Facebook buying WhatsApp, the ‘Sink or Swim’ strategy


To put it in perspective, as I touched on in a previous post; WhatsApp has been valued at $19billion, with 50 employees is now worth more than both Sony, United Airlines and Gap all of whom have significantly more resources. Not only that, but it’s 450 million users now send more messages per day than the global population send SMS. It’s also comfortably now bigger and more valuable than Twitter.

But there’s some key things to take out of this purchase, Facebook is facing a tough future, one in which smaller more niche social networks are starting to steal its thunder and most importantly, revenue base. The giant now, more than ever is facing a battle to remain relevant in this new social landscape. Part of the strategy to remain relevant is nothing new, Google, Apple and Yahoo! have been doing it for a long time; go on a spending spree.

Mark Zuckerberg made an intelligent move when he bought Instagram, it was an investment which is still to bear fruit – but one which ensures that Facebook has a future separate to its own platform, continuously able to target the young consumers that are spending online and communicating there natively. The purchase of WhatsApp is the next step in marketing to an audience which just never took to Facebook Messenger, or the Facebook phone.

Ultimately, Facebook aren’t just trying to reach users, they’re trying to reach people like me, those who spend money advertising to the users, to make their $19billion investment back and turn a tidy profit. There’s an argument that such huge investments can be harmful to small networks, but WhatsApp has the benefit of already turning a profit. The prospect of this marketing opportunity isn’t exactly unappealing.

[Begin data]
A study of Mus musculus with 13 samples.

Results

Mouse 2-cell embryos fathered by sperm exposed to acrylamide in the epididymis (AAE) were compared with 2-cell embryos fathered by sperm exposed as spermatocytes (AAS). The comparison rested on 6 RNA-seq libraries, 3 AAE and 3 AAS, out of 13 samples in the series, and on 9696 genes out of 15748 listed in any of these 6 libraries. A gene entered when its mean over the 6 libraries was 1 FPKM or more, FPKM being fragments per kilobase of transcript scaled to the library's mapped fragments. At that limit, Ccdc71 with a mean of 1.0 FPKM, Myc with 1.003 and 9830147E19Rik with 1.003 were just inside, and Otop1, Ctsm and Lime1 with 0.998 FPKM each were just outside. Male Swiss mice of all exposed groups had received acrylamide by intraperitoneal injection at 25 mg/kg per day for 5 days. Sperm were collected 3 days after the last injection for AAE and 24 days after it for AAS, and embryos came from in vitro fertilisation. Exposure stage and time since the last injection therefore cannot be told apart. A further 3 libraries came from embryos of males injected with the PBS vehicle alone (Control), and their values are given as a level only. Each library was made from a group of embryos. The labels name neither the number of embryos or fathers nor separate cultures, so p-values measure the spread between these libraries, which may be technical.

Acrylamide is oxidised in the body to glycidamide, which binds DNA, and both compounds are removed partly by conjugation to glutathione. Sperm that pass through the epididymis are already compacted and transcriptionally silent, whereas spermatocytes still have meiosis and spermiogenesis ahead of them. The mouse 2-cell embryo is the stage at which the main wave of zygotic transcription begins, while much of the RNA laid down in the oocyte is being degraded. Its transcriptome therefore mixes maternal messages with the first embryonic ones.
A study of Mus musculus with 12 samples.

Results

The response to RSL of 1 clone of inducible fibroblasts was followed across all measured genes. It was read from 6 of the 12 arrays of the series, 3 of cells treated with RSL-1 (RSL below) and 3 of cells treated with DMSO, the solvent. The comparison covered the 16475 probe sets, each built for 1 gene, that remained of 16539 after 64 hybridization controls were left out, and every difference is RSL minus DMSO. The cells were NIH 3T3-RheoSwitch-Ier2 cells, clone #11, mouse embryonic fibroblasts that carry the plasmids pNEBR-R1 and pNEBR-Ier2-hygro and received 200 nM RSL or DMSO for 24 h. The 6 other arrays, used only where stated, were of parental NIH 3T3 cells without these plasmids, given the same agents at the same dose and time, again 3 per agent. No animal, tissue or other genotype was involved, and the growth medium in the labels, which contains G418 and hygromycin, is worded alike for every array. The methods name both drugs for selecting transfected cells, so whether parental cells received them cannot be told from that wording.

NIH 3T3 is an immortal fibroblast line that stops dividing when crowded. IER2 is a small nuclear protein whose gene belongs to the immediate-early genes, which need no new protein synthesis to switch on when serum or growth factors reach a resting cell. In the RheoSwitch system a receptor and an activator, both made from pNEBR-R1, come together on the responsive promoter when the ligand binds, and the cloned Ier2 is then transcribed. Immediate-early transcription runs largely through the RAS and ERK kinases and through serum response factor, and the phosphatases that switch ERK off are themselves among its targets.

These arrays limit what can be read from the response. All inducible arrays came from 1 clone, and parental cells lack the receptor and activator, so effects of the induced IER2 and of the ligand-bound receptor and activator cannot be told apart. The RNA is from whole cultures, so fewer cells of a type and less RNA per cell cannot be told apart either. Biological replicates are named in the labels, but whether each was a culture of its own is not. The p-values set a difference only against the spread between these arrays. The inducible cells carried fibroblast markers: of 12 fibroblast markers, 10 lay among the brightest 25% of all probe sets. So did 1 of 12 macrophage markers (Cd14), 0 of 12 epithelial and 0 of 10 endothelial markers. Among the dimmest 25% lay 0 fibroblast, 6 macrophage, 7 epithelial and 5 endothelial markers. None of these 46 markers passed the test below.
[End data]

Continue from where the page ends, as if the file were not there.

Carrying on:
Facebook already allows a hugely granular method of advertising and promotion, largely there’s still a problem of reporting and results – simply put, investment from large brands in social advertising is still in its infancy and the idea of paying for your content to be seen by fans doesn’t always appeal, especially compared to a more robust AdWords by Google, who allow for much more detailed tracking and reporting, as well as revenue where that’s important.

WhatsApp from the point of view of brands who want to advertise is pretty cool, there’s a lot Facebook could do with the service, beyond integrating it with pages, perhaps even allowing for a Snapchat like broadcast from pages – it would have to be carefully managed, but I suspect that the WhatsApp user base won’t be as ardently opposed to this as the Instagram community is, simply because its a younger market and to a large degree are less affected by advertising on an app. Facebook is following Google into the idea of contextual search and advertising, WhatsApp could fit in quite neatly with that.

Ultimately, we won’t see for quite some time what will be done with the messaging service. It could be expected that it will remain fairly separate for the time being, like Instagram – Facebook doesn’t want to rock the boat, but they will eventually look to unify their services when the buy-in exists; a customer base who are used to the idea of these services being interlinked – rather than the current mature users who are more comfortable with the idea of separate apps for separate networks.